Wednesday, April 16, 2014

Funding for Global Public Goods versus Development Assistance/Poverty Aleviation

Helmut Reisen, an economist I am learning to value greatly, has an interesting post on his blog today.

He asks why the World Bank and others seem so cocksure that extreme poverty can be ended by 2030. I take their promise to be fluff intended to con donors into continued or increased funding to fight poverty. I fear that extreme poverty will still be with us in 2030, and that a lot of poverty that the World Bank defines as not to be extreme is very serious indeed.

He notes that a lot of funding categorized as development assistance is actually funding for "global public goods". Much of that funding would go for prevention of climate change and other environmental deterioration. I would note that some of the efforts to fight communicable diseases (such as the eradication of polio) might also be included as a global public good -- the benefits of eliminating the polio in the last few countries in which it is currently found will be enjoyed worldwide.

There would seem to be no argument against the countries with the most money spending some of that money globally to "buy" global public goods. We regularly use progressive taxes to pay for public goods.

Reisen would seem to be concerned that such funding is being labeled "development assistance" when it is actually intended for another purpose. I see that point. Still, developing countries too will benefit from those global public goods, and in many cases their people are more vulnerable to the deterioration of those goods.

Of course, in some cases we can have our cake and eat it too. Thus, for example, investment in energy efficiency can be a cost effective investment even without including the external benefits of reduced greenhouse gas emissions. So too, the investment in hydropower rather than fossil fuel generation plants may produce lower cost electricity as well as prevent greenhouse gas emissions.

I am afraid that I believe that the world will not do the right thing and reduce greenhouse gas emissions as much as we could or should. Indeed, I believe we will see deforestation, desertification, loss of top soil, destruction of coastal zones, depletion of water resources, air and water pollution, and other environmental destruction that we could and should have prevented. Investments now to help poor people in poor countries to prepare to deal with this onslaught will help avert future poverty and thus be perhaps a legitimate form of development assistance.

Is there an argument that donor nations can provide more money for poverty reduction and global public goods by deliberately mislabeling some of the global public goods funds as development assistance? In the USA, the climate deniers might have more sympathy for international expenditures labeled "development assistance" than for those labeled "climate change prevention and amelioration".

As an aside, it seems to me that "poverty alleviation" is one aspect of "development assistance", but only one aspect. Social and economic development would seem to me to be best seen as "a tide that lifts all boats". Thus I see development as involving capital accumulation, which seems always to result in the rich getting richer, the middle class getting "better off", with relatively little of the capital being accumulated by the poor. I also see general development of poor countries involving their increased competitiveness in global markets, and increased competition from the recipients (current or former) of foreign aid has not been popular with U.S. producers.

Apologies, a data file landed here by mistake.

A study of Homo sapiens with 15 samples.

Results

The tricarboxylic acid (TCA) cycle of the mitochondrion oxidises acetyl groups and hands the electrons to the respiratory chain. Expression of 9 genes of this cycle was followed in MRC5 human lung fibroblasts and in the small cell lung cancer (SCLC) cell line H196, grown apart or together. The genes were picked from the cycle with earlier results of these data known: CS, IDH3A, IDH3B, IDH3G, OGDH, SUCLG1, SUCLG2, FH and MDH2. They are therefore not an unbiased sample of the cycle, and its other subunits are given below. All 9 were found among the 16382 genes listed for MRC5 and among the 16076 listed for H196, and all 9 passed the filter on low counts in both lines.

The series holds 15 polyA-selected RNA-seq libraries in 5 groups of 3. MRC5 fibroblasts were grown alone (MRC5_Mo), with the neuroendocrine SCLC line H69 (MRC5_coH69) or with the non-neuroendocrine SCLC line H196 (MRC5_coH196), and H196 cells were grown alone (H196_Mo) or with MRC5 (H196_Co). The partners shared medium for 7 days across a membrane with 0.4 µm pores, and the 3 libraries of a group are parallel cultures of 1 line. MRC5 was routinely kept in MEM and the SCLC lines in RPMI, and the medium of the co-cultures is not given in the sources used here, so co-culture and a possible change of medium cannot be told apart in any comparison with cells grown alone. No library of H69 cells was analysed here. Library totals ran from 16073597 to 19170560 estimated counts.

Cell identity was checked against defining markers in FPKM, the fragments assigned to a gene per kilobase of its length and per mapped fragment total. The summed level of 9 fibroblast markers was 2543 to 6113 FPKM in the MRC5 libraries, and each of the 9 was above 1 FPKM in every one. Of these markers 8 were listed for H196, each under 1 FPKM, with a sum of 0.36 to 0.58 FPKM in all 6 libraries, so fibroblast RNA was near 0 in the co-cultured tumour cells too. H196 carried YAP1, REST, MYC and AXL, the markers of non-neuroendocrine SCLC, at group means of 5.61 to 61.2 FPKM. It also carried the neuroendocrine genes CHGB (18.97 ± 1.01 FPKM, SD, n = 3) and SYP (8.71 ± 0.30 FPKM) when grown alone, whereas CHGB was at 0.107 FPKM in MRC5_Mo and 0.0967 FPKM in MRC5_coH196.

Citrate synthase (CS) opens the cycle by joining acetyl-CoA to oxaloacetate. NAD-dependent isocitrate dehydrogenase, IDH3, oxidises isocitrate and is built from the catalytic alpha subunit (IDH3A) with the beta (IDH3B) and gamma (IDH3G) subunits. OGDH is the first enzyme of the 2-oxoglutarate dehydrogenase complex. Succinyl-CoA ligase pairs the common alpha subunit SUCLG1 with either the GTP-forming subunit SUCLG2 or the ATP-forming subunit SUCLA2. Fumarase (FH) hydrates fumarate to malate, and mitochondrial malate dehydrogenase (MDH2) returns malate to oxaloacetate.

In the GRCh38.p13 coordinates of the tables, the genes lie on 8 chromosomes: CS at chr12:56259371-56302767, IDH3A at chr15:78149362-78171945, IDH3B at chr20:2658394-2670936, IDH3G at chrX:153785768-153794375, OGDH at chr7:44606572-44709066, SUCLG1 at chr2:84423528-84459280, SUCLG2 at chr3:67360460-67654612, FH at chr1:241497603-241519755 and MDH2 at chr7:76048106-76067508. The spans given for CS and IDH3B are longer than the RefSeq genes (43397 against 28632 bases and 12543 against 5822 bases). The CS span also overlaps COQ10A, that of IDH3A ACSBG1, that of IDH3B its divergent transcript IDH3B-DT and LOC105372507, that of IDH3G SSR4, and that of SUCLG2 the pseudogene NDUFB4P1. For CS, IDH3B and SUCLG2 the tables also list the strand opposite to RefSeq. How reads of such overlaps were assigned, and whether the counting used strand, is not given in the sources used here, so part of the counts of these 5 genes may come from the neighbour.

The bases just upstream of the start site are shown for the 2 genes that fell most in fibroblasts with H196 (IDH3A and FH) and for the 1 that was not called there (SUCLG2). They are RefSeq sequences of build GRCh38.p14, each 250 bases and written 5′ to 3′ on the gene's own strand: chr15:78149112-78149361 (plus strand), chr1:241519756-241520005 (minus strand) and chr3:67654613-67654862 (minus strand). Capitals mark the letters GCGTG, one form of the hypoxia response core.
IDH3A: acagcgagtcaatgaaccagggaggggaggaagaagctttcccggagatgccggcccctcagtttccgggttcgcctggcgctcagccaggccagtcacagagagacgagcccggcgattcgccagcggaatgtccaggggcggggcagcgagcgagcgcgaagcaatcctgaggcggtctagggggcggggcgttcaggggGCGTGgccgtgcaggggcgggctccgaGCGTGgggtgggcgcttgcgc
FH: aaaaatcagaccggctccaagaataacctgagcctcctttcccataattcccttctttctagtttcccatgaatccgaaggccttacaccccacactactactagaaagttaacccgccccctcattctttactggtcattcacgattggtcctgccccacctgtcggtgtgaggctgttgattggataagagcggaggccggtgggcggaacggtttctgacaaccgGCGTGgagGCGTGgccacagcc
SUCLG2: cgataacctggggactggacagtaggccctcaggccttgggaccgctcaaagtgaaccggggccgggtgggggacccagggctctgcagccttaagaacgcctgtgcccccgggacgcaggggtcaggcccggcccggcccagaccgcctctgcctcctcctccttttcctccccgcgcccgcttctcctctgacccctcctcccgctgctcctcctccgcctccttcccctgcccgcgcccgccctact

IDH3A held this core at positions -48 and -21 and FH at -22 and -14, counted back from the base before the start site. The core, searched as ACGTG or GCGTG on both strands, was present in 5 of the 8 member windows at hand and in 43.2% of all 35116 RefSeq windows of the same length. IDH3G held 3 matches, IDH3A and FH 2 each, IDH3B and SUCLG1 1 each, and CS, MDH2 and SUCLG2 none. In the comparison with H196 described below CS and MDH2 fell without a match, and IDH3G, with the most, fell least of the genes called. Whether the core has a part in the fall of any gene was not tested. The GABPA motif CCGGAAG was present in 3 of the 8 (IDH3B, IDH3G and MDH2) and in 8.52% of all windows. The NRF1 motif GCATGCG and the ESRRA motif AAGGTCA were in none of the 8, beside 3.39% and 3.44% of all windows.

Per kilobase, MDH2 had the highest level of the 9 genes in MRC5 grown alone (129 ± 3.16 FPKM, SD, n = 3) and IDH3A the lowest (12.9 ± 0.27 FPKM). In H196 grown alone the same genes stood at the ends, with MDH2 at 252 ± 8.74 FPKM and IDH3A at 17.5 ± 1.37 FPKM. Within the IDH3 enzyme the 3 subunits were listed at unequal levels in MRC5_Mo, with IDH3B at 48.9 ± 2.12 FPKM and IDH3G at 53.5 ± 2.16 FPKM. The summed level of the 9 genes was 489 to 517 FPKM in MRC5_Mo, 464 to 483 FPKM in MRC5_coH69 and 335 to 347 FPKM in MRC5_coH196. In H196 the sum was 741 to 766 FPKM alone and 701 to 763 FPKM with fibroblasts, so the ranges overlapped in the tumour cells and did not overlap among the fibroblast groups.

Let me end by quoting an especially useful part of the posting:
Assessing vulnerability which is independent of present policy is needed both to identify the most vulnerable poor countries and to design criteria for the allocation of international resources. Two kinds of vulnerability and the corresponding indices can be considered:
  • Structural economic vulnerability (as measured by the UN Economic Vulnerability Index, EVI), the UN index thought to replace the non-transparent performance index CPIA. EVI is a composite consisting of 50% ´exposure´ (size, location, agricultural share) and 50% shock intensity (both natural and trade)[1].
  • Physical Vulnerability to Climate Change Index (PVCCI), an indicator developed by Patrick Guillaumont (2013)[2] at the Fondation pour les √Čtudes et Recherches sur le D√©veloppement International (FERDI). PVCCI consists of 50% ´risks related to progressive shocks´ (flooding due to sea level rise; increasing aridity) and 50& ´risks related to the intensification of recurrent shocks´ (rainfall; temperature)[3].
1. A detailed presentation of EVI can be found in Patrick Guillaumont (2011), The concept of structural economic vulnerability and its relevance for the identification of the Least Developed Countries and other purposes (Nature, measurement, and evolution), UN-DESA, CDP Background Paper No. 12, ST/ESA/2011/CDP/12 ,September.
2. Patrick Guillaumont (2013), “Measuring Structural Vulnerability to Allocate Development Assistance and Adaptation Resources”, FERDI Working Paper No. 68, Ferdi: Clermont-Ferrand, March.
3. For detail, see P. Guillaumont and C. Simonet (2011), “Designing an Index of Structural Vulnerability to Climate Change”, FERDI Working Paper I.08, March.